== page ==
Rwamagana factory to make paper from banana stems

Rwamagana has embraced a technology of turning banana waste into paper, as it gears up to strengthen the budding processing industry in the district. The paper plant that will be in full operation by January 2014, will cost $1.7 million and will, upon completion, have capacity to process paper from 30 tonnes of banana stems a day.
The factory, will upon completion in 2014,  have capacity to process paper from 30 tonnes of banana stems in a day. The New Times/ File.
The factory, will upon completion in 2014, have capacity to process paper from 30 tonnes of banana stems in a day. The New Times/ File.

Rwamagana has embraced a technology of turning banana waste into paper, as it gears up to strengthen the budding processing industry in the district.

The paper plant that will be in full operation by January 2014, will cost $1.7 million and will, upon completion, have capacity to process paper from 30 tonnes of banana stems a day.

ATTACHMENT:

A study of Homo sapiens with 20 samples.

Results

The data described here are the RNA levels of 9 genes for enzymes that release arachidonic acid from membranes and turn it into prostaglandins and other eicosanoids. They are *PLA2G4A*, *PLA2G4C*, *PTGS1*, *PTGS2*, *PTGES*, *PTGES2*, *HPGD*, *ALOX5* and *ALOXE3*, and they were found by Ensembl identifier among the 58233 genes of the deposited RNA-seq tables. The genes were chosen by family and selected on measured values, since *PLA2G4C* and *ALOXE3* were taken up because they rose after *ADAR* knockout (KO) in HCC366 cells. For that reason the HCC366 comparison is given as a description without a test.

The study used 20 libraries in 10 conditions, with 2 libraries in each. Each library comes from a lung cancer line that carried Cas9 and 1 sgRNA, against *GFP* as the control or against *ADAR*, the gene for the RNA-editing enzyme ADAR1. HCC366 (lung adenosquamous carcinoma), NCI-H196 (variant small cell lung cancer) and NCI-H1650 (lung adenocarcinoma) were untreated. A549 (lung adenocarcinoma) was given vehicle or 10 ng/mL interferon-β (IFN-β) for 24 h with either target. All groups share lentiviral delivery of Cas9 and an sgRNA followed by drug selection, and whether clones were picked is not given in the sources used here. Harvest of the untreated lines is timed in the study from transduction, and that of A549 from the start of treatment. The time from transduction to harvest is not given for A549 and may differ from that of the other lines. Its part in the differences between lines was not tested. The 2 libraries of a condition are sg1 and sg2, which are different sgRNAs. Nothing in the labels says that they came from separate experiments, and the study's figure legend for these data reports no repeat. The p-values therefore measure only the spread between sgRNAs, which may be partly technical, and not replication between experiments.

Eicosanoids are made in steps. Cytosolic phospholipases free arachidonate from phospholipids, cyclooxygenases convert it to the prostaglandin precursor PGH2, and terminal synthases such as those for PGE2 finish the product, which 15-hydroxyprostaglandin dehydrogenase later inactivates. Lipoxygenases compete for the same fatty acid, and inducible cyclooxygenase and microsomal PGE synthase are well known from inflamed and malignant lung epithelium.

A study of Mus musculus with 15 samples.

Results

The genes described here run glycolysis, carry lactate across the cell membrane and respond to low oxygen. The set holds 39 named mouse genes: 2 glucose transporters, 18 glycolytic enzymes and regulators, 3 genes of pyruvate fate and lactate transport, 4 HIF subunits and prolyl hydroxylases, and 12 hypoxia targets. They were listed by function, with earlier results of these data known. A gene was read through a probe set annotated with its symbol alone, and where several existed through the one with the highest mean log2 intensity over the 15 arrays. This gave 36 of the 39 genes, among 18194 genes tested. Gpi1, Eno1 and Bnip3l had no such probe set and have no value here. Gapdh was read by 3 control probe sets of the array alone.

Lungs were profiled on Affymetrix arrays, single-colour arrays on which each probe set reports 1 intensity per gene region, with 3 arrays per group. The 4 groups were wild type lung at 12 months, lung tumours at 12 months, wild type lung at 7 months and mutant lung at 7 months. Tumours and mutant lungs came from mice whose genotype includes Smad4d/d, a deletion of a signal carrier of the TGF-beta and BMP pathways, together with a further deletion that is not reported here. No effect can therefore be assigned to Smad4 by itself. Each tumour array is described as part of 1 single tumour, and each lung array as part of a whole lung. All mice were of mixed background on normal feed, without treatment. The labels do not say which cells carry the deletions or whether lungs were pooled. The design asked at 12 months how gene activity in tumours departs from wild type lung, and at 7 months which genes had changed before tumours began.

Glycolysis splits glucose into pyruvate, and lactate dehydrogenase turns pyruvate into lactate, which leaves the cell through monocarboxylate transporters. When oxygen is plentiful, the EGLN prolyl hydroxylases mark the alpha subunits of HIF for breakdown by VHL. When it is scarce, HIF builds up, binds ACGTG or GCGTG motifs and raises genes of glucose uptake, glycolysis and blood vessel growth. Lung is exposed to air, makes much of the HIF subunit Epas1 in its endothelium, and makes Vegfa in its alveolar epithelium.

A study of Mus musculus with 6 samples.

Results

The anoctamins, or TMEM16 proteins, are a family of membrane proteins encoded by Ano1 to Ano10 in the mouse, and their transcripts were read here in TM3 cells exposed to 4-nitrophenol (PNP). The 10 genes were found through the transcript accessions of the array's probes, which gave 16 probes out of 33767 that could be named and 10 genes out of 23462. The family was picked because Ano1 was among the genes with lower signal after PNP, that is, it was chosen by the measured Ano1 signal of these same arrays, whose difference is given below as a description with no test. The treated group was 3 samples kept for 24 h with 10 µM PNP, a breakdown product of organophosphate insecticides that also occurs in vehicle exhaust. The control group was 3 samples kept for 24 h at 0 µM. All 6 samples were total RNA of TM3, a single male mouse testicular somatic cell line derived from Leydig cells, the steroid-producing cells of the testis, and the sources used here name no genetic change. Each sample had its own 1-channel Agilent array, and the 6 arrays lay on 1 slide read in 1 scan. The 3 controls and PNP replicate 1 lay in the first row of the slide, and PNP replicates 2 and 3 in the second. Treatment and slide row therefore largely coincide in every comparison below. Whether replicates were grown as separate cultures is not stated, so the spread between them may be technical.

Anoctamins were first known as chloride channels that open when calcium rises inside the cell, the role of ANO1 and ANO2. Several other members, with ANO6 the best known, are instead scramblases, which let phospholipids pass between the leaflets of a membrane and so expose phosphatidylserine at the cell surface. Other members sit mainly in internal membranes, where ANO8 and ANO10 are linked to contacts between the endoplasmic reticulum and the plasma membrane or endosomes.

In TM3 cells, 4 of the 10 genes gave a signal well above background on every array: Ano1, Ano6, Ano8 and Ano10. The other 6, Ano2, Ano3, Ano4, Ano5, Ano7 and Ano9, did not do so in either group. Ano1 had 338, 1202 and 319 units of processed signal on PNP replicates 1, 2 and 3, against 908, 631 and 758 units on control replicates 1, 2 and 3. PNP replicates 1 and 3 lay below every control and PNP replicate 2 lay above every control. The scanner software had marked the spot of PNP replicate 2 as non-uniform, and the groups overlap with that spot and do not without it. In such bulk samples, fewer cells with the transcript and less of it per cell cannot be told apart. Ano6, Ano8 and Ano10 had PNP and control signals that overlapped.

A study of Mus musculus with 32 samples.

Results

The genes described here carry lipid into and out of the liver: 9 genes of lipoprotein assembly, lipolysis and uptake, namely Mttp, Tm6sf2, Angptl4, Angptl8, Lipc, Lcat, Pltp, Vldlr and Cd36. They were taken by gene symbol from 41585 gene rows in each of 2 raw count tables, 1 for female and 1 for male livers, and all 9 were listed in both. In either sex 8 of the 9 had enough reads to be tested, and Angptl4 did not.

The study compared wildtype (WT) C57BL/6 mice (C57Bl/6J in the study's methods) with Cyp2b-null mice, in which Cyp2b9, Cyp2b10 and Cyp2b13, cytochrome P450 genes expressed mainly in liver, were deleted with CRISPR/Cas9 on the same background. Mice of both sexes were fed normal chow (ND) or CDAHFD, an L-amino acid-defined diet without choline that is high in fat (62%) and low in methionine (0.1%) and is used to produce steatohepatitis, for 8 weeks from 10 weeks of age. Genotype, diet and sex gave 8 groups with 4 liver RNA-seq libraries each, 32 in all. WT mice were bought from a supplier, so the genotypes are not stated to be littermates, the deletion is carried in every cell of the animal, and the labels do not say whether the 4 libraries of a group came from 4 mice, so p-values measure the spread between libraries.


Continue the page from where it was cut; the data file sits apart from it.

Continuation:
Rwamagana is known for large scale banana growing.

Addressing stakeholders during a one-day consultative meeting to set up the plant, district Mayor Nehemie Uwimana, said the construction of the proposed plant was at an advanced stage.

“The factory is almost complete...it is great that we are going to use the most abundant raw material in our district. Bananas are grown almost by every family in our and neighbouring districts,” he said.

He said that through the chamber of commerce at the district, they have the commitment from Erasmus, an international investment company which will acquire a 75 per cent stake in the plant, while the rest of the shares will be released to the public.

“Rwandans are encouraged to invest in this venture because it is bankable. Each share will be bought at Rwf589,000”.

Uwimana added that more factories would be established in the district next year.

In the pipeline

“A number of other factories are in the pipeline...a vast land has been set aside to accommodate industries. The project will provide jobs and markets for local produce,” he said.

Innocent Ukizuru, the district agriculture officer, said the plant will be environmentally friendly.

“Banana fibre is a strong natural fibre, which can be blended easily with cotton or other synthetic fibres to produce blended fabric and textiles. This is what will essentially be done,” he said.

Augustine Iyamuremye, one of the renowned banana growers in the district said the factory would offer market to teh farmers.